Mark Cuban Checked by NBA

Shortly after billionaire sports owner announced that the Star-Spangled Banner would not be heard before the start of the Dallas Mavericks’ games, he had to relent. And, indeed, they played America’s National Anthem – as usual.

It seems that officials of the National Basketball Association informed Mr. Cuban that the rules REQUIRE the playing of the Anthem before each game. This has been the tradition in sports for approximately 100 years.  That tradition is carried out sans any enacted rules or regulations at most amateur and school sports events.

Cuban had based his initial decision on his more recent embrace of a concern that the Anthem “does not mean the same thing to different people.” 

Well, duh!  That has been obvious for a long time.  Former San Francisco 49er Quarterback Colin Kaepernick and I obviously do not see – or hear – the Star-Spangled Banned with the same meaning … or feeling.  We also do not see his response to the Anthem in the same way.

For me, the National Anthem – and the Pledge of Allegiance and Old Glory – are the core symbols of the American culture. 

The National Anthem is what bonds ALL Americans as one culture.  It is a patriotic devotion to our Declaration of Independence and Constitution. And the democratic Republic so ingeniously crafted by our Founders.  It represents our belief in American Exceptionalism. And exceptionalism that a myriad of examples chronicled over the past 232 years supports.

Unlike Kaepernick – and Cuban – I do not see any internal differences – no matter how important or critical they may be – as cause to disavow my citizenship – literally or figuratively – and to express such a disclaimer by disrespecting the basic symbols of loyalty, unity and patriotism.

When Cuban says that he understands that certain groups or individuals may not find the same meaning in our national symbols, he is unwittingly casting those others to be outside the American family.  They find their political issues as deal breakers in terms of national loyalty and unity – and no longer express patriotism.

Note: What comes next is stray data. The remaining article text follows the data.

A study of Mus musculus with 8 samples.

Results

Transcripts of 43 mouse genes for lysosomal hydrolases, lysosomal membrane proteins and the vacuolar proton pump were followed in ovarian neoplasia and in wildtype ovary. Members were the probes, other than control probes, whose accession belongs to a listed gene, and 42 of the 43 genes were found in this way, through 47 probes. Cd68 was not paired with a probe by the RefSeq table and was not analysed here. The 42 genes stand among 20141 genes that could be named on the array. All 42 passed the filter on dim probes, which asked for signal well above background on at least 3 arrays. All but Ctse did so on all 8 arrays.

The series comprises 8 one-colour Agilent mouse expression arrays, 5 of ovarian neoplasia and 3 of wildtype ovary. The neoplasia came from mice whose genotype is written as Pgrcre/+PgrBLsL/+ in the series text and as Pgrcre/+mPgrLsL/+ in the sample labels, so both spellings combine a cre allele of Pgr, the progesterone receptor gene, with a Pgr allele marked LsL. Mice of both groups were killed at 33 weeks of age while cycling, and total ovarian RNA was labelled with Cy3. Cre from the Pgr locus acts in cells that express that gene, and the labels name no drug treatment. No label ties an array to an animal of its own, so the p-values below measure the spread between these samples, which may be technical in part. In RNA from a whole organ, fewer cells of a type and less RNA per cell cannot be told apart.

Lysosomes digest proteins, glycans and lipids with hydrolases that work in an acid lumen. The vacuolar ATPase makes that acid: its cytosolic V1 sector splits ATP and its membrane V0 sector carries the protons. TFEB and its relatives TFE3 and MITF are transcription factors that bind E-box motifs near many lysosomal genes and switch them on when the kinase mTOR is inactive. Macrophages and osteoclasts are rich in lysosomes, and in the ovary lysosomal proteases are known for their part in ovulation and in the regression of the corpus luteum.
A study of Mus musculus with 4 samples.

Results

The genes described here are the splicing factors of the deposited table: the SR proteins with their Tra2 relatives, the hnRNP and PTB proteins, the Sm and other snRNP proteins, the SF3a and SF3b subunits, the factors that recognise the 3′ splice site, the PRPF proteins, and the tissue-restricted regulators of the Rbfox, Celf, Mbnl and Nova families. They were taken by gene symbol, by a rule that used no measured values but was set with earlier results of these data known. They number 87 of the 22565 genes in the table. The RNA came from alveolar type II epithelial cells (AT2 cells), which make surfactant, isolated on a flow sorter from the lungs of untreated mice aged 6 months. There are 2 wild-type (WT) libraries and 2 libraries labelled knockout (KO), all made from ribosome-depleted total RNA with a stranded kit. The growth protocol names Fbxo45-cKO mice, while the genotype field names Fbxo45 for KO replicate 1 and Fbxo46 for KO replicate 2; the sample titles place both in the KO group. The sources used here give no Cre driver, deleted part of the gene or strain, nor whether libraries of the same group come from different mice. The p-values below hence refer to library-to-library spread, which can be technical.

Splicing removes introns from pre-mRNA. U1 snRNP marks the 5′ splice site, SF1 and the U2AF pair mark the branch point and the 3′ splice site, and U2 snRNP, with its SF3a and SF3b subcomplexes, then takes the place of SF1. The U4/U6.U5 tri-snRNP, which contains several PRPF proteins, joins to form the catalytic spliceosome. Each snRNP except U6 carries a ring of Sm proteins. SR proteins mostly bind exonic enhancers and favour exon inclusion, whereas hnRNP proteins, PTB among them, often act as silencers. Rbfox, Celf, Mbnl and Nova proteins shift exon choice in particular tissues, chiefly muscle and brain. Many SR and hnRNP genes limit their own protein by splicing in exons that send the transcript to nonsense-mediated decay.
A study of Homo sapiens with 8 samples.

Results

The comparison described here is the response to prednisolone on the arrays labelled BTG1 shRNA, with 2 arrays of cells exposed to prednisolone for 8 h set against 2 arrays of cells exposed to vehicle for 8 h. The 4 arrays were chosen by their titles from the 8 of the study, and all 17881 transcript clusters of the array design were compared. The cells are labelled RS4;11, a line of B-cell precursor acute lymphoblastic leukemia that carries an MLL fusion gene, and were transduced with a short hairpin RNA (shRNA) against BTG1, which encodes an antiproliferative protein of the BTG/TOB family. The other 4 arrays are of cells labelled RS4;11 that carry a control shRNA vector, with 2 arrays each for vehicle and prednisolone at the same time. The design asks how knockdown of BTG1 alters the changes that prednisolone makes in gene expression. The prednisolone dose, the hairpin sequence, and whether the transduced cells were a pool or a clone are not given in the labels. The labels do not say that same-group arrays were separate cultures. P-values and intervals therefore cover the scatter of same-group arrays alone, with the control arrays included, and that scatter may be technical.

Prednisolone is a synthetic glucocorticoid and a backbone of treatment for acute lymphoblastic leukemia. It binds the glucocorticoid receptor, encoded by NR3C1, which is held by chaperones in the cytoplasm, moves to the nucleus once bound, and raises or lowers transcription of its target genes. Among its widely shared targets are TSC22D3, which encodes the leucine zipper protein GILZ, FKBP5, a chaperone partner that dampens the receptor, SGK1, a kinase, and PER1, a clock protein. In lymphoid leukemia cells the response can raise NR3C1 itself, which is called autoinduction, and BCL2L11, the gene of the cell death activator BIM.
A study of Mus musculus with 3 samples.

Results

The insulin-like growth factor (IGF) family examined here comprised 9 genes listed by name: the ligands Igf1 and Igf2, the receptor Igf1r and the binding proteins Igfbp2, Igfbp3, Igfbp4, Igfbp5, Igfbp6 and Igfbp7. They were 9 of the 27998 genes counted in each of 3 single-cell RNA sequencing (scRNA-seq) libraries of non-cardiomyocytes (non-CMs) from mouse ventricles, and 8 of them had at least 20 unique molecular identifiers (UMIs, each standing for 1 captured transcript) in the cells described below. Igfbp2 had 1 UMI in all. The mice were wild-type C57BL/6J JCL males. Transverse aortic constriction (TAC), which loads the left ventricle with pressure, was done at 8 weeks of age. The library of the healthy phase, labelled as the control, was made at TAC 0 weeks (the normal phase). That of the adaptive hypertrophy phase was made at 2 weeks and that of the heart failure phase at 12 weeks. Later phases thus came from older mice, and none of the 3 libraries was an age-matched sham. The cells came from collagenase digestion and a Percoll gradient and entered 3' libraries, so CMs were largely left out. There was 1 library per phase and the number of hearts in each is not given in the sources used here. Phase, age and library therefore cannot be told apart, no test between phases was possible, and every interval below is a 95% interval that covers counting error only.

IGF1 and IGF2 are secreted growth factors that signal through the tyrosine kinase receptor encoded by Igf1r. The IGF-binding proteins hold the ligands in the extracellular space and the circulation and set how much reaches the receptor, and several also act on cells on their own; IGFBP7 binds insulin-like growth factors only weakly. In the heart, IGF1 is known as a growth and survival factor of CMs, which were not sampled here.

As a rebuke to the NBA, Head Coach Stan Van Gundy of the New Orleans Pelicans suggested that there is no reason for a rule to play the National Anthem before games. 

Why should we single out sports? 

“If you think the anthem needs to be played before sporting events, then play it before every movie, concert, church service and the start of every workday at every business. What good reason is there to play the anthem before a game?”, he opined.

The National Anthem was once played at many more events than it is today. That includes movies, schools, business conferences and civic dinners.  And many more places where we recited the Pledge of Allegiance at the onset of an event. 

It was played at the end/beginning of television broadcasts – in the days when stations went off-air for the night.  FOX News had retained that tradition by playing the Anthem at 6:00 a.m. as they transitioned from their nighttime to daytime broadcast.  I was disappointed to see them end that practice recently – and hope they will reinstate it.

Cuban may want to reflect those who fail to see, or subscribe, to the meaning of devotion to the Anthem, the flag and the Pledge. But he is wrong to succumb to that thinking – to encourage it.  Rather, he should be among those to bring people like Kaepernick back into the fold. Into the understanding that he can protest any injustice he may perceive without attacking the bond that makes us a nation … a culture.

Whenever I hear the National Anthem, it’s a reminder that we are all committed to the greatness of America. Even as we work to create that “more perfect union” as the Founders had admonished.

So, there ‘tis.

About The Author

Larry Horist

So,there‘tis… The opinions, perspectives and analyses of Larry Horist Larry Horist is a businessman, conservative writer and political strategist with an extensive background in economics and public policy. Clients of his consulting firm have included such conservative icons as Steve Forbes and Milton Friedman. He has served as a consultant to the Nixon White House and travelled the country as a spokesman for President Reagan’s economic reforms. He has testified as an expert witness before numerous legislative bodies, including the U. S. Congress. Horist has lectured and taught courses at numerous colleges and universities, including Harvard, Northwestern, DePaul universities, Hope College and his alma mater, Knox College. He has been a guest on hundreds of public affairs talk shows, and hosted his own program, “Chicago In Sight,” on WIND radio. Horist was a one-time candidate for mayor of Chicago and served as Executive Director of the City Club of Chicago, where he led a successful two-year campaign to save the historic Chicago Theatre from the wrecking ball. An award-winning debater, his insightful and sometimes controversial commentaries appear frequently on the editorial pages of newspapers across the nation. He is praised by readers for his style, substance and sense of humor. According to one reader, Horist is the “new Charles Krauthammer.” He is actively semi-retired in Boca Raton, Florida where he devotes his time to writing. So, there ‘tis is Horist’s signature sign off.